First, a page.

Now, there's no way I can get every classic of every genre that's influenced World of Warcraft into a list that would fit on this site. There are hundreds of potential books out there. So I'm just going to hit some highlights and let y'all go wild in the comments filling in the blanks.
J.R.R Tolkien's Lord of the Rings - Tolkien is the 10,000 lb gorilla in modern fantasy. If you're not influenced by him, you're a reaction to him. The reason there are multiple kinds of elves and dwarves running around Azeroth fighting orcs is because of Tolkien's impact on fantasy. If you want to get the tropes, you should probably read this.
Robert E. Howard's Conan and other stories - Howard is the other huge gorilla influencing modern fantasy. I mention Conan as his most famous creation, but there's just as much good stuff to be read by Howard that has nothing to do with the Cimmerian. His Solomon Kane, Kull, Bran Mak Morn, and his forays into horror and historical fiction all blazed from an imagination so incandescent that it burned the man himself out in a short amount of time. Be warned - most of this stuff was written for the pulps, and it has all the virtues and all the flaws of pulp fiction written in the 20's and 30's. It's often racist, sexist, and ranges wildly in quality.
Fritz Leiber's Fafhrd and the Grey Mouser series - Warcraft's bent for flawed characters with feet of clay even when they command armies or nations comes from Leiber's most famous creations, heroes who were much less engines of destruction than flawed, greedy, sometimes amoral men.
Marion Zimmer Bradley's Darkover series - Specifically the idea of Azeroth and Draenor as planets visited by people from other worlds. It's not unique to or invented by Bradley, but she did a lot to popularize it and was one of the first and most popular authors to do so.
Kathryn Kurtz's Deryni books - It's easy to forget how unusual Kurtz's approach to magic and fantasy was when these books first started coming out. Her approach to a pseudo-histroical fantasy setting can be felt in WoW's human kingdoms.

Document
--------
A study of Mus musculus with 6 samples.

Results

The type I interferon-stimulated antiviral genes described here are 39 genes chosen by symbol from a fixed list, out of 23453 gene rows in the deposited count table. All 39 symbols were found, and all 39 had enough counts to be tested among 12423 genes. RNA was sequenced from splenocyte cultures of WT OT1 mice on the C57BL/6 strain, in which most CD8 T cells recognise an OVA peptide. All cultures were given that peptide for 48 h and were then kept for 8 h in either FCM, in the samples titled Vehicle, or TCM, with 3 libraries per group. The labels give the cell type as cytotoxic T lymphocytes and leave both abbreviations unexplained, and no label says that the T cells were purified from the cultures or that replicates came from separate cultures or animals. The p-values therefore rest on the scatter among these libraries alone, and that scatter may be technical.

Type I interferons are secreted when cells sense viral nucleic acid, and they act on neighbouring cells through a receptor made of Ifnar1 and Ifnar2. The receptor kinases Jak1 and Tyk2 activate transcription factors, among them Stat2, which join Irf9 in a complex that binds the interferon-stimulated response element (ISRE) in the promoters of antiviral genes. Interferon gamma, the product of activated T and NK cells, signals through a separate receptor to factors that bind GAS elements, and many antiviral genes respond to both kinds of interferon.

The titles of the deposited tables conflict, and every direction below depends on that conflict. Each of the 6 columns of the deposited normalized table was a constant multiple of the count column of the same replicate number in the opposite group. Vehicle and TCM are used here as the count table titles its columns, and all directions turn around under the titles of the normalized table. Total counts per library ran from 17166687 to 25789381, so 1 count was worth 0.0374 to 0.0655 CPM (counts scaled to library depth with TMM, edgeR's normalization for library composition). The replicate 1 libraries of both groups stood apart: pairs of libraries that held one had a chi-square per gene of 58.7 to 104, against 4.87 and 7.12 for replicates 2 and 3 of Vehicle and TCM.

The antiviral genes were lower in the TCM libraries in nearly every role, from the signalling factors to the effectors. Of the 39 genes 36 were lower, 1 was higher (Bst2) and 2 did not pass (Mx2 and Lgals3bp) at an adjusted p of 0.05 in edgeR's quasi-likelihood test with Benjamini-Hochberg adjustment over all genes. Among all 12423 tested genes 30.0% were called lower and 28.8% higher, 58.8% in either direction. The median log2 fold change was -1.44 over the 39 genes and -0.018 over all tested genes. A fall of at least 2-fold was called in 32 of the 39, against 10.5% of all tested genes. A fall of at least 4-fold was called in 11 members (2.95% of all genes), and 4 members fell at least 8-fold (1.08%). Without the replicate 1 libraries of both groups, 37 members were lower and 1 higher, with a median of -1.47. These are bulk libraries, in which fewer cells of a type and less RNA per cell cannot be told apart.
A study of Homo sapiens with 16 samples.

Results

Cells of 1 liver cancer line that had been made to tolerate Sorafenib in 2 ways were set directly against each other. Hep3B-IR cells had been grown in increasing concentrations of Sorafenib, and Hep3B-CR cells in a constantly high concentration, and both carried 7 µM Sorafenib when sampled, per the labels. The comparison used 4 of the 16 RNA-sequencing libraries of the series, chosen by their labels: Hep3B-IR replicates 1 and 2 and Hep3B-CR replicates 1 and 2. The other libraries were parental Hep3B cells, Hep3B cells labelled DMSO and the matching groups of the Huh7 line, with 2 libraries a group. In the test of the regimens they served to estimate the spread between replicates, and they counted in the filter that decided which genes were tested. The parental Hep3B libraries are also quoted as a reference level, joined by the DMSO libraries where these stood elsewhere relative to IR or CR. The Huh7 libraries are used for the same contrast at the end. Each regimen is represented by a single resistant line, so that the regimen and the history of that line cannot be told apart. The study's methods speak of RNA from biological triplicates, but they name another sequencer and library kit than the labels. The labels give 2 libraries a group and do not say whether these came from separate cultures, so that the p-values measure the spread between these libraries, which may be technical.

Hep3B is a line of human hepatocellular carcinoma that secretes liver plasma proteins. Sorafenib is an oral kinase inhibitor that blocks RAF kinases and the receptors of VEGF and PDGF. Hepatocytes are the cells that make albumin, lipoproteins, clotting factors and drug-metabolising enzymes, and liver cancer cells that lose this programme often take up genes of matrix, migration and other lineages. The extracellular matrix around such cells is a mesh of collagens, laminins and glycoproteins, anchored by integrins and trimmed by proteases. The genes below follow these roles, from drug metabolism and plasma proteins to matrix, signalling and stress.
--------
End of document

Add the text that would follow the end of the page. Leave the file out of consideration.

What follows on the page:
Glen Cook's Black Company series - This series is exactly how I think of my guild in terms of the WoW fictional setting. If you want to try and wrap your head around what a guild would even be, the Black Company is a really good model.
Michael Moorcock's Elric series - Honestly, the whole Eternal Champion cycle is worth reading, but Elric is the easiest character to start with. The sorcery level in the Moorcock books is a lot closer to WoW that most other heroic fantasy, with characters capable of wreaking untold devastation with magic. Also, Moorcock is just a hell of a writer.
John Gardner's Grendel - WoW has a lot of this book's DNA, with the idea of presenting what is usually seen as the monster as a sympathetic hero. If you play an orc or troll, this book is worth reading. Heck, it's worth reading anyway.
Jack Vance's The Dying Earth series - Vance's influence is primarily in how magic and spells work in WoW, and it's by inheritance. The Dying Earth itself also has some influence on places like Outland, a world on the brink of destruction, and there are other books in this vein such as Gene Wolfe's Book of the New Sun.
C.L. Moore's Jirel of Joiry stories - Some of the earliest fantasy fiction to have a female protagonist, and one who does her own adventuring, straps on armor and a sword and deals in wholesale violence. In her adventures Jirel fights wizards, demons, and strange cults of ghost eaters.
Mervyn Peake's Titus Alone - Really, the whole Gormenghast cycle, but Titus Alone really has all the weird retro-tech touches we recognize in WoW. Goblin and gnome engineers are rooted in the steampunk genre that works like this helped create. Also see Jack London's Goliah, the works of Jules Verne, and Gregory Keyes' Age of Unreason. Oh, and Paul Di Filippo's Steampunk trilogy, of course.
Howard Phillips Lovecraft's Cthulhu Mythos - The Old Gods of the Warcraft setting are lifted directly from Lovecraft. Lovecraft himself encouraged others to write in what came to be known as the 'Cthulhu Mythos' including Robert Bloch (writer of Psycho), Robert E. Howard, Clark Ashton Smith and many others. Lovecraft's esay Supernatural Horror in Literature is still a must read for an understanding of how horror works as a genre.
Dungeons and Dragons - I mentioned Vance earlier as an influence, and D&D is why. D&D is to video games and fantasy what Tolkien is to the entire genre - if you present a world with dragons, monsters, and magic for players to explore and murder stuff on, it's either going to be descended from D&D or a reaction against D&D, and the Warcraft setting manages sometimes to be both of those things. If you have never managed to play D&D or any pen and paper RPG, you probably should at least once to understand where things like character classes come from.
Jenny March's Penguin Book of Classical Myths, Robert Graves' The Greek Myths, Kevin Crossley-Hollans's The Norse Myths, Anne M. Birrel's Chinese Mythology: An Introduction, and World Mythology: The Illustrated Guide. These are all books I own, so I feel secure in recommending them for you to get a sense of the mythology that's being tapped for Titan lore in places like Uldaman, Uldum and Ulduar, as well as Mogushan Vaults and Throne of Thunder. While you're at it, Jack Kirby's Fourth World and Walter Simonson's run on Thor are useful for getting your head around the 'space cosmic gods' aspects of the Titans.
Okay, so that's my picks. (Leaving out books I love like The Worm Ouroboros, Jurgen, and The Once and Future King that I didn't really think fit) But the best thing about posting such a list is the comment section where you all chime in with your own ideas about what books people wanting to better grasp the Warcraft setting should be reading. So have at it, people.